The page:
The combination of softer US economic data and yields pulling back from their highs allowed risk assets to sigh in relief and lift themselves cautiously from their cycle lows. The ISM services PMI expanded at a slower pace and the rate of US job growth slowed for a third month according to the ADP employment report. At 89k, it was the slowest rate of job growth since the data was last negative in January 2021. And whilst its m/m correlation with NFP can be at times spurious, their trends tend to follow one another over the long term so helps to set the tone for NFP on Friday to a degree. The ISM pulled back to 53.6 from 65.4 and new orders expanded at their slowest pace in nine months.
Wall Street was cautiously higher with the S&P 500 and Nasdaq erasing all of most of Tuesday’s losses, whilst the bounce on the Dow Jones only retrieved around half of the prior days selloff. But in all cases the recoveries are meek in the grand scheme of things.
Oil prices stole the show with WTI crude oil plunging around 5.4% during its worst day since September. Weak employment is clearly a red flag for oil prices, and its acceleration to the downside below $80 brings $100 back into question. Separately, OPEC+ kept their oil output policy unchanged as widely expected and are not set to meet again until November 26.
The RBNZ held interest rates at 5.5%, although the meeting was seen as a dovish hold as they continue to expect growth to soften despite GDP surpassing expectations. NZD closed flat after recovering from its 18-bar low, AUD/USD printed a small bullish inside day around its 10-month low thanks to a softer US dollar.
The Bank of Japan have taken a ‘neither confirmed nor denied’ approach when asked about whether they intervened in the currency markets. If anything, they may have at least tested the waters, but in either case USD/JPY trades in a shell-shocked state well within Tuesday’s range around 149, making it a less exciting pair to trade.
Events in focus (AEDT):
- Public holiday in China
- 10:00 – South Korean CPI
- 11:30 – Australian trade balance
- 11:30 – Hong Kong manufacturing PMI
- 17:00 – German trade balance
- 18:30 – German S&P Global construction PMI
- 19:30 – UK construction PMI
- 20:45 – ECB Lane speaks
- 22:30 - US Challenger Job cuts
- 23:30 – US jobless claims, trade balance
- 23:30 – Canada trade balance
- 01:00 – Canada IVEY PMI
- 02:30 – FOMC Member Barkin Speaks
- 03:00 – FOMC Member Daly speaks
- 03:15 – Fed Vice Chair for Supervision Barr Speaks
ASX 200 at a glance:
- The ASX 200 printed a fresh YTD low and closed marginally beneath key support around 6900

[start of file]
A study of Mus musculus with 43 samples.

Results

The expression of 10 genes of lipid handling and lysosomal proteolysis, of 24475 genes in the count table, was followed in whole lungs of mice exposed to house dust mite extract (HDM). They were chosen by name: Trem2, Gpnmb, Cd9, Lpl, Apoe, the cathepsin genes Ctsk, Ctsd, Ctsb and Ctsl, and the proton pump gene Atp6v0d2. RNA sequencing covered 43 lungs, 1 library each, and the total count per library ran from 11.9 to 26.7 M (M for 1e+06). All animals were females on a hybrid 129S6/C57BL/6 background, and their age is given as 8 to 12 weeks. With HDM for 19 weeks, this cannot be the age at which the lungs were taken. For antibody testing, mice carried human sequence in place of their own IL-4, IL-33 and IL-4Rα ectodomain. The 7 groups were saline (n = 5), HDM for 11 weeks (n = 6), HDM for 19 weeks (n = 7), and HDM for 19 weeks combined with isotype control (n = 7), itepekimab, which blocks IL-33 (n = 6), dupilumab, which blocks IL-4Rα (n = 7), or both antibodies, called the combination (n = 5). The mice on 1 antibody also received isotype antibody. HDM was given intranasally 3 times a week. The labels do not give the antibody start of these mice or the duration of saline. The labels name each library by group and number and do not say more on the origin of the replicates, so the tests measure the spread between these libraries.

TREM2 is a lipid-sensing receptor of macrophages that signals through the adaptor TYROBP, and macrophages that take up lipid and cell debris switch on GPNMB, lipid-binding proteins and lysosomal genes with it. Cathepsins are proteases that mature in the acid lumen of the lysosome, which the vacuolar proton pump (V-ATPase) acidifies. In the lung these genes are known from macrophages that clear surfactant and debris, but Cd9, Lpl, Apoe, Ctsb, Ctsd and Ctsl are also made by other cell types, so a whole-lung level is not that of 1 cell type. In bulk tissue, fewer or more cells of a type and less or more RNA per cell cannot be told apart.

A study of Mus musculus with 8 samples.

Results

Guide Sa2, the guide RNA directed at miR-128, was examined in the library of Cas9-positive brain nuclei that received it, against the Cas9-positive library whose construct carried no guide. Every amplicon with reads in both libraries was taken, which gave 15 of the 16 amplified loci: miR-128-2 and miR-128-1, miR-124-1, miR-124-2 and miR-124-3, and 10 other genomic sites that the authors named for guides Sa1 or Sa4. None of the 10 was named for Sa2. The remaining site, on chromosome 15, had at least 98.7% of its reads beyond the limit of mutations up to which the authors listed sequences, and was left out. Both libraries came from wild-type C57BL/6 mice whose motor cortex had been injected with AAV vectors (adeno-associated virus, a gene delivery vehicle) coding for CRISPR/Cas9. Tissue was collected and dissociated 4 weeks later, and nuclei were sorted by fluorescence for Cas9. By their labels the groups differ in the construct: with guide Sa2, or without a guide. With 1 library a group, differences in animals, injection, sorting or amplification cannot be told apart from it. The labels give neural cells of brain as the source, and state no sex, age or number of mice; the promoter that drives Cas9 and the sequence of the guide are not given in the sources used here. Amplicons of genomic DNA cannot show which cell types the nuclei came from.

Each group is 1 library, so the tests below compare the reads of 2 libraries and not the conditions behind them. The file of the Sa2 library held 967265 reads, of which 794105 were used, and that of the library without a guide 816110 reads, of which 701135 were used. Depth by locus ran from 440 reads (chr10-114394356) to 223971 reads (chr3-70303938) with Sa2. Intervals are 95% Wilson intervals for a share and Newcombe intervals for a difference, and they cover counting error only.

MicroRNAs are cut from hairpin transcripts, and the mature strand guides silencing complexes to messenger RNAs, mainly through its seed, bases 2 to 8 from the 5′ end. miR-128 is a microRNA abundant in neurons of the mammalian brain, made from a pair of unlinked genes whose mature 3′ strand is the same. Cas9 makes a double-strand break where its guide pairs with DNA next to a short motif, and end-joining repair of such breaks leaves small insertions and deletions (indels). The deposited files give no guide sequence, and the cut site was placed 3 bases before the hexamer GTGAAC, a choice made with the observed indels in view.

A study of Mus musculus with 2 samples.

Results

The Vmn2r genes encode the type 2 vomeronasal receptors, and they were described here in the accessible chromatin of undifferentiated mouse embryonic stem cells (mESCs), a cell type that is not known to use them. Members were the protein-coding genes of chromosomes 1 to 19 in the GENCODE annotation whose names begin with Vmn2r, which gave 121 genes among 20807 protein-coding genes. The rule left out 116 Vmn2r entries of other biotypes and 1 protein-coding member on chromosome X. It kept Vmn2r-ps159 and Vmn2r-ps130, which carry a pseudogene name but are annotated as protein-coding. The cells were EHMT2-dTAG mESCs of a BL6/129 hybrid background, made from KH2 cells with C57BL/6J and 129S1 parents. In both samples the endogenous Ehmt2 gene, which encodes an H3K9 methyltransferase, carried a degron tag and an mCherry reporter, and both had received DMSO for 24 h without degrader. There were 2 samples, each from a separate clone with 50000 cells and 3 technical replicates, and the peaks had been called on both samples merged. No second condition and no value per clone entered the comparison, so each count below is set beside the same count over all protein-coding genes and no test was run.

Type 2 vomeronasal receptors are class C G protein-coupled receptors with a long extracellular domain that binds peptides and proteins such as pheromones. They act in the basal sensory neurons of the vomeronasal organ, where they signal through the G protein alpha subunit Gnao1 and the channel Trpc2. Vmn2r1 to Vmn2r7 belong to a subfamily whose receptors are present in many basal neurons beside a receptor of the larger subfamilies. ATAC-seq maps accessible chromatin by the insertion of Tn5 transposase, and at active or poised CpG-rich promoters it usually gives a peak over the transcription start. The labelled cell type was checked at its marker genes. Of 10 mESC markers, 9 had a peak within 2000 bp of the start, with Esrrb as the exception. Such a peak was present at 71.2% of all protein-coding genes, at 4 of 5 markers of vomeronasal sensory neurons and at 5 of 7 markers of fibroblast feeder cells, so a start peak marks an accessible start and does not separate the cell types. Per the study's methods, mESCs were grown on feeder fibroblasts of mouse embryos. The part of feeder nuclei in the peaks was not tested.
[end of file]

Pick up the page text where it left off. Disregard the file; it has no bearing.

- However, it has not closed sufficiently enough below 6900 to call it an outright breakout in my books
- SPI futures rose 0.45% and Wall Street lifted itself from its lows, meaning the ASX cash index is expected to open around 6920 today
- However, energy stocks could be in for a nasty open due to plunging oil prices on Wednesday
- Overall the bias remains as outlined in yesterday’s report; we’d prefer to seek bearish opportunities around resistance levels or bearish
WTI crude oil technical analysis (1-hour chart):
A Marabuzo candle formed on the daily chart of WTI crude oil, which means it is a elongated engulfing candle with little or now wicks. In this case, it close at the ow of the day and as WTI’s worst day since September, and closed beneath the lower trendline of its bullish channel. Delta volume for the day (bids – asks) were highly negative to show bears aggressively entered. And those positions are likely to be defended and even added to if economic data for the week continues to point to a soft economy.
However, with the January and April highs Nearby for potential support, bears may want to be cautious around these lows. In fact, if economic data pics up for the US (and in particular tomorrow’s nonfarm payroll report) then WTI may provide a bounce. IN which case we’d look for a near-term upside target around $87, at the Marabuzo line (50% retracement of the bearish candle’s open to close range). Bears could also seek evidence of a swing high to see if the market wants to turn lower. But with volatility picking up as it has, traders may want to remain nimble and be prepared for volatile moves in either direction.
USD index technical analysis (daily chart):
As exciting as it was to see the US dollar retrace from its highs along with yields, the pullback is a drop in the ocean compared to their prior rallies. It’s possible that the dollar’s retracement could deepen, but there’s no immediate threat to its bullish trend whilst prices remain above the 105.65 low. The March high is also within the vicinity to provide potential support, and unless we see a notably weak nonfarm payroll report with refreshingly dovish comments from the Fed. And that seems unlikely at present.